I graduated from Melba High School in May of 1944 and my first job was at Gowen Field. I had gone to Boise with my parents — an unusual trip because of the gas shortage — and along the way, in downtown Boise, I saw a lady driving an Army staff car.

“That’s what I want to do," I exclaimed. I was 18 years old and I had already been driving for four years.

I don’t remember the procedure, but I went to the air base, was interviewed and hired. I went to work on June 6 at the motor pool. The lieutenant in charge declared, “Today is D Day.” Whatever that is, I said to myself.

I soon found out there was a real war on. It had been going on since Dec. 7, 1941 — when I was a sophomore in high school. I had spent a year in California, living with an aunt and working at a “defense plant” — Firestone Rubber Co. They made fittings for gas tanks for airplanes. Because I was younger than most, it was my job to haul the fittings around in a grocery cart to the various areas of manufacture.

So, now here I was at an air base that was involved in gunnery training for 19- to 20-year-old boys just out of basic training.

I was first assigned to a pickup hauling young soldiers to do their duty at the mess hall or laundry area or other duties. I would take a book and while they did their chores I would read or take a nap.

Then for five months I was chauffeur for a lieutenant colonel who had chores all over the base. A lot of the time it was my job to deliver papers, etc. for him. He was an elderly gentleman who had probably been in the army for several years. I drove him in a thing called a recon. It was a glorified van with windows all around.

Gowen Field was an Army Air Corps training facility where they had featured B-17s before the B-24s that were there when I was working. It had been noted that movie star James Stewart and been in training there in about 1943.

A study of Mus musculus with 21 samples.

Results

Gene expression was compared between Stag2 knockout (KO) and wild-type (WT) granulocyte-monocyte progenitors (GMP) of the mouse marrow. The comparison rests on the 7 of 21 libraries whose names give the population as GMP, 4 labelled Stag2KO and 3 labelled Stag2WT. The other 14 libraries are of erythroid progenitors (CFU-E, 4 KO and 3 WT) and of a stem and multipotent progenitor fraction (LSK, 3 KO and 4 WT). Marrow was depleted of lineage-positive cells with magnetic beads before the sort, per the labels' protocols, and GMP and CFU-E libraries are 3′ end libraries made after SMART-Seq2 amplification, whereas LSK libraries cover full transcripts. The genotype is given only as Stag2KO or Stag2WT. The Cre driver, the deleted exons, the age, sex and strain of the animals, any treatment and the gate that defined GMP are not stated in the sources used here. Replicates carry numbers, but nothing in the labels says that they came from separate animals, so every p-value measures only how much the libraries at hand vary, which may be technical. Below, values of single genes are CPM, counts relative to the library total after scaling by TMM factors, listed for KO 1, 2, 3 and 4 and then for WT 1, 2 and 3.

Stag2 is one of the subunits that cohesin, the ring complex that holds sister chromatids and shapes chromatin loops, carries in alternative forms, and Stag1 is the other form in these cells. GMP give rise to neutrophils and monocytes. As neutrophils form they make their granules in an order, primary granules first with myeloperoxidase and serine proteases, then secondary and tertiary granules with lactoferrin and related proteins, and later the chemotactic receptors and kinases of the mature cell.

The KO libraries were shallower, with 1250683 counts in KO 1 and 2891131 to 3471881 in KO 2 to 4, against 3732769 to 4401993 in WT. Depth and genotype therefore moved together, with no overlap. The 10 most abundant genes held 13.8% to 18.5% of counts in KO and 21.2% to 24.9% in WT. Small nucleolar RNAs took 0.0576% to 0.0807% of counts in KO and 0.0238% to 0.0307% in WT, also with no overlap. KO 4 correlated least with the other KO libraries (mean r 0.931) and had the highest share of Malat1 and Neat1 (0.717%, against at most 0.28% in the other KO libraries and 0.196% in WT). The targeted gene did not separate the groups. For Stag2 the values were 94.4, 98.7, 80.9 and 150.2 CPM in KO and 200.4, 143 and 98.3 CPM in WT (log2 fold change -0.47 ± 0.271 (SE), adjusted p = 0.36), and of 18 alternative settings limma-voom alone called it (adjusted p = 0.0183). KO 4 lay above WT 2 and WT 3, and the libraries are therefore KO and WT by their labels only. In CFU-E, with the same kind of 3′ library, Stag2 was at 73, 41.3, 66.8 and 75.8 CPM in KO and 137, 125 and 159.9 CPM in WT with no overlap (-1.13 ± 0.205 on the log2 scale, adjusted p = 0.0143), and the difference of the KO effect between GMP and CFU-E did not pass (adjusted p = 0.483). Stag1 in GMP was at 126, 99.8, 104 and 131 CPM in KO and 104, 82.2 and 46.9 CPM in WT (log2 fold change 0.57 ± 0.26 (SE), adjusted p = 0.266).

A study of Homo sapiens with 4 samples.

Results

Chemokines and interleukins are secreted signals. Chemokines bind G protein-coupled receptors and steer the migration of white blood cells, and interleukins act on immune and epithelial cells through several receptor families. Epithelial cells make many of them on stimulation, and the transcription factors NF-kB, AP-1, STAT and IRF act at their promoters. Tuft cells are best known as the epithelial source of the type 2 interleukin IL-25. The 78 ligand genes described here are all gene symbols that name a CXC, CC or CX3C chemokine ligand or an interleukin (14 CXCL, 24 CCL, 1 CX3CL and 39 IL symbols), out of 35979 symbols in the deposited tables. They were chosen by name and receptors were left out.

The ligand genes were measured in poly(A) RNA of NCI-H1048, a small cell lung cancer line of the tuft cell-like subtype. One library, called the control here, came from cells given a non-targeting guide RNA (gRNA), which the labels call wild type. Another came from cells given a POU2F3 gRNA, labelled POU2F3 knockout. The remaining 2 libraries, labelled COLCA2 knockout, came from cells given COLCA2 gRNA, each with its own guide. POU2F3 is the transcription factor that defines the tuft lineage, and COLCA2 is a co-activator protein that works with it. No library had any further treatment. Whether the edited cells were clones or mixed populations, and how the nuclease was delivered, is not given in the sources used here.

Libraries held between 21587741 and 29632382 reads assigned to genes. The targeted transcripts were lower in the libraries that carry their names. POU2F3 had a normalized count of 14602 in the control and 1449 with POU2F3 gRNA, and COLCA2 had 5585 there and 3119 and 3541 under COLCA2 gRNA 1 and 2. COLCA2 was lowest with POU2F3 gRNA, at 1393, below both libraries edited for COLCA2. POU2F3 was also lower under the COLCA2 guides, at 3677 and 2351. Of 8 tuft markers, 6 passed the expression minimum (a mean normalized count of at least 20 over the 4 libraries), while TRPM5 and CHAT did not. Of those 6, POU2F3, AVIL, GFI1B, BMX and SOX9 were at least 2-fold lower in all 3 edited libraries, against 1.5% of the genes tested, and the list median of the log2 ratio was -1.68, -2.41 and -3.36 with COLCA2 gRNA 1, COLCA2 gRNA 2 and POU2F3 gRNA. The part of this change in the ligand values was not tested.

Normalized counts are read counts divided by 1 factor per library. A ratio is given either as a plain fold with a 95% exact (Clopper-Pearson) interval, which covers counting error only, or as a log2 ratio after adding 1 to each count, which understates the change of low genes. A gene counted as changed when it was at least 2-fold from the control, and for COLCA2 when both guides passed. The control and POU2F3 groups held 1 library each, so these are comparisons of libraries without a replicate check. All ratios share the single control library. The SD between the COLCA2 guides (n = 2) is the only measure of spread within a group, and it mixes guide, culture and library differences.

The Norden Bombsight was a secret device new at the time I was working. I remember hauling a small crew with this great big crate in the back of a pickup out to a plane. If my memory serves me correctly, I think it was on the B-29 that bombed Nagasaki to end the war.

I finally graduated to a staff car. That called for hauling higher-ranking officers and special people. I remember carrying Jackie Coogan who had been a child movie star. Here he was, a high-ranking officer in charge of the gliders they had brought in to try out at the Gowen base.

I once transported members of the Lionel Hampton band.

I even hauled Chaplain Joop to a special church meeting at the Melba Friends Church one time.

Another time the patriotic people of Melba invited people from Gowen Field for a barbecue at the high school. An army bus brought a load of fellows who enjoyed an off-base meal with civilians.

Clark Wylie was a veteran of the Normandy invasion and had been wounded and spent 10 months in hospitals before he was assigned to an engineer group formed with guys who had already been through the war.

They were assigned to Gowen Field and organized to fight forest fires the summer of 1945. (The war ended on Aug. 25 of that year.) Idaho was having a very bad fire season so truckloads of firefighters went out every day to the McCall area.

Clark was more crippled than some and had a higher rank among the non-coms, so he was assigned to the motor pool where I worked. We got acquainted and went out some after work.

We girls who worked in the motor pool frowned at these “old” soldiers who had hash marks on their sleeves and were in their 20s. By the end of December three of us had married those “old” guys.

Gowen Field has always held a special place in my memory bank.